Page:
Disney’s “Coco” is another great push for more diversity and inclusion in entertainment, and a great celebration of Mexican traditions. For viewers unfamiliar with the Day of the Dead holiday, seeing this movie can be educational without necessarily realizing it.
Main character Miguel Rivera, age 12, is struggling to understand the significance of the tradition his family is trying to teach him because he feels a lot of resentment towards elder family members who have passed away, and have left him feeling cursed.
His late great-great-grandmother, Imelda Rivera, was the wife of a musician who left the family to further pursue his career. Ever since, music was banned entirely from the family, and her husband’s picture was removed from the ofrenda, an altar with photos and other offerings to welcome deceased family members home on the Day of the Dead.
This becomes a problem, because all Miguel wants to do is play music, so he sneaks off to do so in secrecy whenever he gets the chance.
Much of “Coco” is set in the afterlife after Miguel steals the famous guitar of the late Ernesto de la Cruz, whom he believes to be his great-great-grandfather, the musician who left the family. Miguel truly does become cursed because he stole from the dead. He is then only visible to those from the Land of the Dead, and needs a blessing from a family member in order to return to the Land of the Living.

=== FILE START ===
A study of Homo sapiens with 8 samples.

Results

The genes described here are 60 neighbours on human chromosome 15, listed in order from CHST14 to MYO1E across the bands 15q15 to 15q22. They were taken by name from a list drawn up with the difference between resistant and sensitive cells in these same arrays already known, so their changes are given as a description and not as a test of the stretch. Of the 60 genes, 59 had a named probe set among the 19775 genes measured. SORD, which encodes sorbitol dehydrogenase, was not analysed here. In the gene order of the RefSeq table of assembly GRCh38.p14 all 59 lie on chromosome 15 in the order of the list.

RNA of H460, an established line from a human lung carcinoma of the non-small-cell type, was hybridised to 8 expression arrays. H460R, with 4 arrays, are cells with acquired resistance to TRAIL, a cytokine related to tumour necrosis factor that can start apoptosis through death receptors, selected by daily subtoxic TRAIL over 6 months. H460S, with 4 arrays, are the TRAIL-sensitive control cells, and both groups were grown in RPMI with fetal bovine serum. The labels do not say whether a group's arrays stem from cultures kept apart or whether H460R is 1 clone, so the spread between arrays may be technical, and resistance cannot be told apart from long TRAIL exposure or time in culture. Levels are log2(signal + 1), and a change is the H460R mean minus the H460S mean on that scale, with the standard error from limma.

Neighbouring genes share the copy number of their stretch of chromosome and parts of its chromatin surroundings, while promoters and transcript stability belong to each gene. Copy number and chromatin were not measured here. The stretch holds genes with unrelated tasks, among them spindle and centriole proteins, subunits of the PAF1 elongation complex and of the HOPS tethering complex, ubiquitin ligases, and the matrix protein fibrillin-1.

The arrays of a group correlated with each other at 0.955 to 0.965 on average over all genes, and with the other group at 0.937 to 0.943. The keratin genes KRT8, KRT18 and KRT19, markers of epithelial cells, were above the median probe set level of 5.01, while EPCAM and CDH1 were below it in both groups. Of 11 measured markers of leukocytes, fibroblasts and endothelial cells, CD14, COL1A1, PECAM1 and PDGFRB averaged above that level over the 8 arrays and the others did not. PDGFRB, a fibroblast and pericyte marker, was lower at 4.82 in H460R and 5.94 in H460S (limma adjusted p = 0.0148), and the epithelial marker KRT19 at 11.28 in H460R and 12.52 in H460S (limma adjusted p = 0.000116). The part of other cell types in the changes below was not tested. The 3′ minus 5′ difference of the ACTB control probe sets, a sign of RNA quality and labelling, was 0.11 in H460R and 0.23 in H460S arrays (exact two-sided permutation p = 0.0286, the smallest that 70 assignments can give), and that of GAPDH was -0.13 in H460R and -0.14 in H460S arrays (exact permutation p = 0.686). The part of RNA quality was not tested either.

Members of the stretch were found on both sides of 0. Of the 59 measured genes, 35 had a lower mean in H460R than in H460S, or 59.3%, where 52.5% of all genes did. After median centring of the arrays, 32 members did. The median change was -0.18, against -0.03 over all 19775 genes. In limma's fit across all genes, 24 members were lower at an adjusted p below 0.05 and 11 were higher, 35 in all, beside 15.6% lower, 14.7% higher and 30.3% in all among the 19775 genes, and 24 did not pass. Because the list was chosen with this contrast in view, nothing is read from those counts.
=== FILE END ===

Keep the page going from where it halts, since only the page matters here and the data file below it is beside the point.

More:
The Land of the Dead is full of breathtaking animation as Pixar artists outdo themselves once again. In fact, before “Coco” begins, a message from the directors plays on screen to thank the hundreds of creators who brought the film to life.
Everything is so full of color, and there are huge scenes with so much detail that the art alone increases the rewatch value because viewers will want to catch more with every play of the movie. The alebrijes – spirit animals – are some of the most mystical and bright beings in the film.
It’s also worth noting that animators had a whole new task with the majority of the characters in “Coco” being skeletons. They move differently than traditional human or animal characters: Their bones even rattle when they walk, and they can jump from high places, hit the ground, fall apart, and put themselves right back together.
Skeletons and the concept of mortality aren’t as sinister as this movie gets, though. There’s an unexpected darkness that comes out of some of the characters, and plot twists that will leave viewers of all ages in shock. This results in learning moral lessons from the more subtle themes in “Coco.”
The movie does a great job of presenting ideas that can connect with people from just about any and every background. It talks about sacrifice and balance, and about selfish behavior being unlearned. From the very beginning, many viewers will likely connect with the family traditions and pressures that Miguel faces. He wants to be a musician, but he’s expected to help continue his family’s shoemaking business.
“Coco” will surely capture the hearts of people of all ages, as well as anyone who just enjoys being fascinated by rapidly advancing animation developments that can be found in most all Disney Pixar films.